Saturday, February 23, 2013

Musings of an Aspie: Autistic people should QUESTION EVERYTHING.

This was originally posted at Musings of an Aspie.

This post is part of today’s “Autistic People Should” flash blog where Autistic bloggers are writing about positive things that Autistic people should do. Why? Because if you type “Autistic people should” into either Google or Bing’s search engine query box, the autocomplete results–the most popular searches starting with those words–are disturbing and upsetting, especially if you’re Autistic or love someone who is.
Please be forewarned that I’ve posted a screenshot of the text from Google’s autocomplete at the end of this post.


When we’re given an autism spectrum diagnosis, we’ve also given a model of what it means to be autistic.
Question the model.
Start here:
A wordmap of Autism Spectrum Disorder diagnostic criteria.  The larger the word, the more frequently it appears in the diagnostic definition.
What does your word cloud for autism look like?
Question the assumptions.
Is there a right way to play?
To learn?
To think?
To love?
To communicate?
Question the research.
Who says?
How do they know?
Who paid for it?
Now what?
Question the stereotypes.
Nonverbal headbanger?
Idiot savant?
Inspirational angel?
Boy genius?
Lovable eccentric?
Unloveable recluse?
High-functioning aspie?
Dangerous loner?
Question the experts.
How do they know?
Are they sure?
What if they’re wrong?
Question the language.
Disorder, deficit, disability, difference?
Cured, recovered, coping, adapting, passing?
Label, slur, identity?
Person with autism, autistic, Autistic, aspie, autie?
Locked in, trapped, uncommunicative, nonverbal, nonspeaking, unvoiced?
Question the hype.
Burden to society?
Says who?
Question the fundamental fabric of humanity.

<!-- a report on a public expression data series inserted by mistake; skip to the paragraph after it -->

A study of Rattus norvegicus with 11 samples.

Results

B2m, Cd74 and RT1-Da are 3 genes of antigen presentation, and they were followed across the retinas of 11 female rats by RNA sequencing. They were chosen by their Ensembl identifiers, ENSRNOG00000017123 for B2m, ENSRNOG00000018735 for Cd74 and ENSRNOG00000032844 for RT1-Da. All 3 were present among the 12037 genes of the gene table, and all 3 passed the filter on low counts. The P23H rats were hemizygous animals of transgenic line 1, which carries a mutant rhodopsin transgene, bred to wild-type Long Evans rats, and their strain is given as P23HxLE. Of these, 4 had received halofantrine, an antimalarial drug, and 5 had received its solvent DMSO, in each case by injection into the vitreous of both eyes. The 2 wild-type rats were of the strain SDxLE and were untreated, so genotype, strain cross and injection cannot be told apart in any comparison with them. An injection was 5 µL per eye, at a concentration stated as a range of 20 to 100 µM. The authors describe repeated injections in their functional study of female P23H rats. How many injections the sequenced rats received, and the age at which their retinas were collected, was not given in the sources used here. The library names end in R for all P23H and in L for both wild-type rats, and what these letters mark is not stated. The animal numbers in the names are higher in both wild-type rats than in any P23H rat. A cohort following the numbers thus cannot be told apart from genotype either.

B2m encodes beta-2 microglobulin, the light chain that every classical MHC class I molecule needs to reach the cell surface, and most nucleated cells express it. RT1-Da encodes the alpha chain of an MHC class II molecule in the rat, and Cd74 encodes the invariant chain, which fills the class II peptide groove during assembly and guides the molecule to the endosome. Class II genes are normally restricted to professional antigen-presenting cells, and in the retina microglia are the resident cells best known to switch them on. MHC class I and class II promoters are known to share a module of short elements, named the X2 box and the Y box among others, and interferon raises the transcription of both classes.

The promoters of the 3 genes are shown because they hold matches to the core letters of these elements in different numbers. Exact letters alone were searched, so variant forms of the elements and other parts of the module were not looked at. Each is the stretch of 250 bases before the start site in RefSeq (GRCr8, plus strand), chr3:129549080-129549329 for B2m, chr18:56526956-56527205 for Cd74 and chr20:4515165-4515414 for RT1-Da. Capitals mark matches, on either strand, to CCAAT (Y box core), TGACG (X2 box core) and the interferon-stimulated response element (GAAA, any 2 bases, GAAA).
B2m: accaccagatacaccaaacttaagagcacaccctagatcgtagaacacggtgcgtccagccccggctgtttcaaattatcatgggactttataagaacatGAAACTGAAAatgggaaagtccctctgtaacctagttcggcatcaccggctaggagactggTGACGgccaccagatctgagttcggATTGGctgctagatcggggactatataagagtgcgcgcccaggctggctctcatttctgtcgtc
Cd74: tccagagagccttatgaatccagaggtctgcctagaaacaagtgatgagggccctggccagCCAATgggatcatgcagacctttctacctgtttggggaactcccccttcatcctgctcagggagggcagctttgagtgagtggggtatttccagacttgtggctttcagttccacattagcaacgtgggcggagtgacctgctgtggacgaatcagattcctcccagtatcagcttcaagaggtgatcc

What is empathy?
What is love?
What is communication?
Question this:
This textbook author says that Autistic people don’t recognize that other people have minds.
and this:
This Uk newspaper devoted an entire article to an autism expert who wants us to believe that autism is an “exaggeration of male habits.”
and this:
This popular autism information website wants you to believe that Autistic children play the wrong way because they lack imagination and creativity.
and this:
Autistic people don’t get married or have children? That’s what these experts at Yale and UC-San Francisco want you to think.
Question everything.
Question what you read, what you hear, what you see, what you are told.
Question what you think.
Most of all . . .
Question the hate.
If you type “Autistic people should” into a Google search box, these are the results that Google suggests based the most popular recent searches.

1 comment:

  1. None of the rest of this seems like anything special, as disability discourse goes, but one thing was truly surprising: that the professionals quoted in that image have heard of only one short-lived marriage where one or more spouses had Asperger's syndrome. I'm thinking now of my autistic friend whose first child (with xyr committed partner who is technically not a spouse) was just born. Xe's as absurdly proud as anyone else (showing me pictures and talking about xyr baby's milestones). I'm sure, also, that xe doesn't have Asperger's, since xe received xyr diagnosis as a child shortly before the DSM-IV introduced that subtype.

    This is hardly an isolated incident, either. I know or know of a small handful of autistic people with spouses, children or both. It's funny that I know more about the prognosis of autism spectrum disorders than do the experts, and by "funny," I mean I'm so sorry your community has to deal with that.